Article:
Business

Taylor Wimpey profits hit by costs of dealing with leasehold scandal

Taylor Wimpey, the company that wants to build 640 houses in Debenham, took a hit last year from the scandal surrounding its sale of leasehold homes. It allocated £105 million to deal with the problem.

As a result profits after tax and exception items were down 5.8 per cent at £555.3m compared with 589.3 for 20165. Profit before tax and the cost of dealing with the leaseholds were up by 10.7 per cent at £812 million.

Revenue for the year was £3.97 billion, up 7.9 per cent on the previous year.

The scandal resulted from Taylor Wimpey selling houses on 999 year leases with ground rents that could be doubled after ten years. When new owners tried to resell they found mortgage companies unwilling to lend and businesses who had bought freehold rights from Taylor Wimpey demanded large sums from people who wanted to buy the freehold of their homes. More on the problems faced by leaseholders at the Guardian.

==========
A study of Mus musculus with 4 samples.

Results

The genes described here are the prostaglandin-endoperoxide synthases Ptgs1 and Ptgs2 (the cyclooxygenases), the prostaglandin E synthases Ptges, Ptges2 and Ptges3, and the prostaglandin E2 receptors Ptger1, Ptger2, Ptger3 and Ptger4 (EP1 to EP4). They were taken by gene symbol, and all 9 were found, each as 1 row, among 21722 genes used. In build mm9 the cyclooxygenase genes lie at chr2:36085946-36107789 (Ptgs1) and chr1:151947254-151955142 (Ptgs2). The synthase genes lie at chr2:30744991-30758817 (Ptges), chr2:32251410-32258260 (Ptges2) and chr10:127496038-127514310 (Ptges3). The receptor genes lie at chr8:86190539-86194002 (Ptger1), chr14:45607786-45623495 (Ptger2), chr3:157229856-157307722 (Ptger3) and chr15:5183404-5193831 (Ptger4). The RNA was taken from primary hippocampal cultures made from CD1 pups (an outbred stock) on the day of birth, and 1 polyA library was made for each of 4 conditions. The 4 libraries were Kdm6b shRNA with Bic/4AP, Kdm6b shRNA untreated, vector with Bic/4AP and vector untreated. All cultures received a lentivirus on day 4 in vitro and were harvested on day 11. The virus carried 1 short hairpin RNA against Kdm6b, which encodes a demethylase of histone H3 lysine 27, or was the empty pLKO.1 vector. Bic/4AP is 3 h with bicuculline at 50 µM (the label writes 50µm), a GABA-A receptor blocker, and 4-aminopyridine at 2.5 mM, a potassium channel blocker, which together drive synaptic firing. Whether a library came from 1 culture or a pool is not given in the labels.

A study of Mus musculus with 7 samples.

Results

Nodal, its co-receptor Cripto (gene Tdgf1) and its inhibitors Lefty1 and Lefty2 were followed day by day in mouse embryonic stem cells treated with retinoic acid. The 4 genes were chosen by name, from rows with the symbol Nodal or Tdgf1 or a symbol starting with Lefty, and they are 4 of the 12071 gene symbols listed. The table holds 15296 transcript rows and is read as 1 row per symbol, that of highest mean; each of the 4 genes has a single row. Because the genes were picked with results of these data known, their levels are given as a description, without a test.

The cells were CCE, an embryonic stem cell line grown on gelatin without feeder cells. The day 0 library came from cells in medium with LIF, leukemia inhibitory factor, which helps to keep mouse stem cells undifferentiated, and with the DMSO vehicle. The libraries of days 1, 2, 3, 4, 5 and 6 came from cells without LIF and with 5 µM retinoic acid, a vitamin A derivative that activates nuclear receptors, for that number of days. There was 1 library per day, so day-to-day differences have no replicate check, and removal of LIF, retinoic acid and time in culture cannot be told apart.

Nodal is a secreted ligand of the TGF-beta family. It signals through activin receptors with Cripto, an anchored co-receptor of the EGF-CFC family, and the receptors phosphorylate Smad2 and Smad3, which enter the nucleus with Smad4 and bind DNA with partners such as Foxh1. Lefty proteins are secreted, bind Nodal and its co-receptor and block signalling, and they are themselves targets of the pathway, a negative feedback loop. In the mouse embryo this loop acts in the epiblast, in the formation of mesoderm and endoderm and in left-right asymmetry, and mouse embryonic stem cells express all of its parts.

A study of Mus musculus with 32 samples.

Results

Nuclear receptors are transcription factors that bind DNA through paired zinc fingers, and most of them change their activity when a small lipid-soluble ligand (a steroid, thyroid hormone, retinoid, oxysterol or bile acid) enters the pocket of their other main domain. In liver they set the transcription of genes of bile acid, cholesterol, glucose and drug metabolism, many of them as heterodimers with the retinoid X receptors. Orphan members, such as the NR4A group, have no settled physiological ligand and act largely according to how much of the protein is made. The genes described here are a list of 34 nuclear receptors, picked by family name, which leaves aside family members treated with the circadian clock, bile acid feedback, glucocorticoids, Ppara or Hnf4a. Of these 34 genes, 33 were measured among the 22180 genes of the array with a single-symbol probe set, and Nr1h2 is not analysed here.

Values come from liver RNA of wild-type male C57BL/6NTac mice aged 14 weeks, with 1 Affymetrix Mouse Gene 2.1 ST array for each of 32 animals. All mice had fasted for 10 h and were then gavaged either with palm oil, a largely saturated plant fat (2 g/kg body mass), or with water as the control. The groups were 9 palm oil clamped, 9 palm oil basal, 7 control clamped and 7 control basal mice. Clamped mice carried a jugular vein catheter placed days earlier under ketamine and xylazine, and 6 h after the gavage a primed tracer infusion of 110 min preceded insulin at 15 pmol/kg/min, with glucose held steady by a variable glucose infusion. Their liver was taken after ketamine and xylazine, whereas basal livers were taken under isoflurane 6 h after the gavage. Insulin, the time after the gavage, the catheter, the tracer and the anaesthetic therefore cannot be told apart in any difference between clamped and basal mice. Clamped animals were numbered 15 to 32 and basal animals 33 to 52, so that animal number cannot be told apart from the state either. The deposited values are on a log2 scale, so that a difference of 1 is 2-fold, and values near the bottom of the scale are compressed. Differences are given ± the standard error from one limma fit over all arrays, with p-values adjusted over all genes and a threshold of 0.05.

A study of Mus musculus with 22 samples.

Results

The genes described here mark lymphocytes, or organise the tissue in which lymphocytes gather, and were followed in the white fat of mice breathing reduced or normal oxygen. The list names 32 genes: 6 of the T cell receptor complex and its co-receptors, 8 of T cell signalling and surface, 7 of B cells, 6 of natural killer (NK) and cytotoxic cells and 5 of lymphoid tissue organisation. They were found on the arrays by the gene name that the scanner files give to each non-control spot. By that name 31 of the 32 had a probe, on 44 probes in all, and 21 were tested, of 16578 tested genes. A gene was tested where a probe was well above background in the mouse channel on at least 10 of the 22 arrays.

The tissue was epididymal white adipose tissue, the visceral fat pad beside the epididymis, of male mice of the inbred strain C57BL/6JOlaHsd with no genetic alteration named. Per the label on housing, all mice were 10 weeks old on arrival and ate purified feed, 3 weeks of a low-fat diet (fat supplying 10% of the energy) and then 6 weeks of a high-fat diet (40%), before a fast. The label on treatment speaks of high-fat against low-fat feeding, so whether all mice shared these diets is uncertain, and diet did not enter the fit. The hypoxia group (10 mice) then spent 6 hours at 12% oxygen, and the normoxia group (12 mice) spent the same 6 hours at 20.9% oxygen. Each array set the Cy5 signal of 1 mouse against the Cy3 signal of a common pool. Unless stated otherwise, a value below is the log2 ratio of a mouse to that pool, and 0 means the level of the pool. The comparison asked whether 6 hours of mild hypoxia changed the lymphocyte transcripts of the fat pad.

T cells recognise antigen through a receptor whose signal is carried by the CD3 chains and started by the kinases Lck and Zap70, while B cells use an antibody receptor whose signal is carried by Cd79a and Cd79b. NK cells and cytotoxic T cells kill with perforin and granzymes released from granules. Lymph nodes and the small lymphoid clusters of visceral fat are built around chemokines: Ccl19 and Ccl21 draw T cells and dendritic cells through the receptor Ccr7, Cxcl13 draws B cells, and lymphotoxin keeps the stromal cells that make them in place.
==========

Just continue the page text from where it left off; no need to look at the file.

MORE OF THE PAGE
Other points from the 2017 full year results released today include:

  • We believe that the land market and planning environment have significantly changed over recent years. Whilst the planning process remains complex and is often slow, there is better clarity in many local authority areas and a better supply of suitable land that has good planning prospects with reduced competition.
  • Our short term landbank stands at c.75k plots, equating to c.5.1 years of supply at current completion levels as at 31 December 2017. During 2017 we acquired 8,040 plots.
  • A key strength of Taylor Wimpey is our strategic land pipeline. This provides an enhanced supply of land at a reduced cost. Importantly, it gives us greater control over the planning permissions we receive.